MSC Industrial President and CEO Erik Gershwind told financial analysts recently that we are in a “sluggish” economic environment but customers report business is stabilizing and not declining.
“The root causes are once again primarily related to the oil and gas dislocation and a slowdown in export demand more generally,” he said after his company released its third quarter earnings report, in which it named a new CFO.
But he also pointed out that U.S. manufacturing will benefit over time from lower energy prices over the long run, and would be a tailwind to MSC.
MSC was No. 14 on Industrial Distribution's 2014 Big 50 List.
Despite the drop in metalworking business, which comprises a significant portion of MSC’s revenues, the company still grew sales by 3.5 percent in its Q3 compared to the same quarter last year.
He noted that the Metalworking Business Index (MBI) has now gone negative for three straight months. “So that’s probably the single biggest highlight that would also be influencing our results,” he said. according to a transcript of the call as provided by www.seekingalpha.com
While the softness impact large national distributors such as MSC, Gershwind said local distributors will be hardest hit.
“What we're seeing is very typical with what we've seen in past cycles, where guys like us, the national players, get hit certainly. We get affected when there's a slowdown.” he said. “The local distributors that make up the 70 percent of the market get disproportionately hit. And what we see in times of slowdown is competition.”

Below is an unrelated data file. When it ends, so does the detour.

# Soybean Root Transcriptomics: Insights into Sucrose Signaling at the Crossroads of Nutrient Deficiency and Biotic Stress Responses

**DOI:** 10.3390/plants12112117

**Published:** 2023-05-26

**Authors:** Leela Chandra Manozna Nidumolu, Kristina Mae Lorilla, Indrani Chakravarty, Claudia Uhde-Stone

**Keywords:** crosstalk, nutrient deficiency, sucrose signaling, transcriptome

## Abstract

Gershwind pointed out that price competition is very high right now largely driven by local distributors “doing what they do when things get slow, which is fight for survival. “
In light of the sluggish demand, MSC has taken a number of steps toward controlling its expenses. That not only means examining its expenses like travel but examining all phases of its business operations including freight.
The company earlier this year said that it would increase its sales workforce by eight to ten percent in 2015. In light of the sluggish conditions, MSC now expects to only increase sales hiring by a few percentage points. It will continue to evaluate sales growth depending on an economic turnaround.
There are plenty of reasons for MSC to be optimistic about 2015. Its E-commerce business reached 55.9 percent of sales for the third quarter, as compared to 53.4 percent a year ago, and 55.4 percent last quarter, while sales to vending customers added roughly 2 points to its growth rate.
MSC also added approximately 70,000 SKUs net of removals to its web offerings, and now has approximately 970,000 available online. Continued growth in these areas bodes well for future share gains, Gershwind said.
Gershwind did not get into specifics regarding MSC’s “Big Book” pricing but said he expects some modest price increases overall. Gershwind added the increases would be reflective of what the company is seeing in the “soft” environment.
MSC also has spent considerable funds for its infrastructure activities such as its new corporate facility in Davidson, N.C., its customer fulfillment center in Columbus, Ohio and its investment in Class C Solutions Group (CCSG), which was formerly known as Barnes Distribution Group of North America (BDNA).
MSC acquired BDNA for $550 million two years ago and rebranded it as CCSG.
Gershwind said all these moves position the company to benefit from earnings leverage as the economy returns to more normalized growth rates. Although M&A continues to be part of the company’s strategic growth plan, Gershwind said MSC continues to focus on organic growth.
“We are organic growers. And what I would say is I think for right now, our primary focus is on organic growth and share gain,” he said.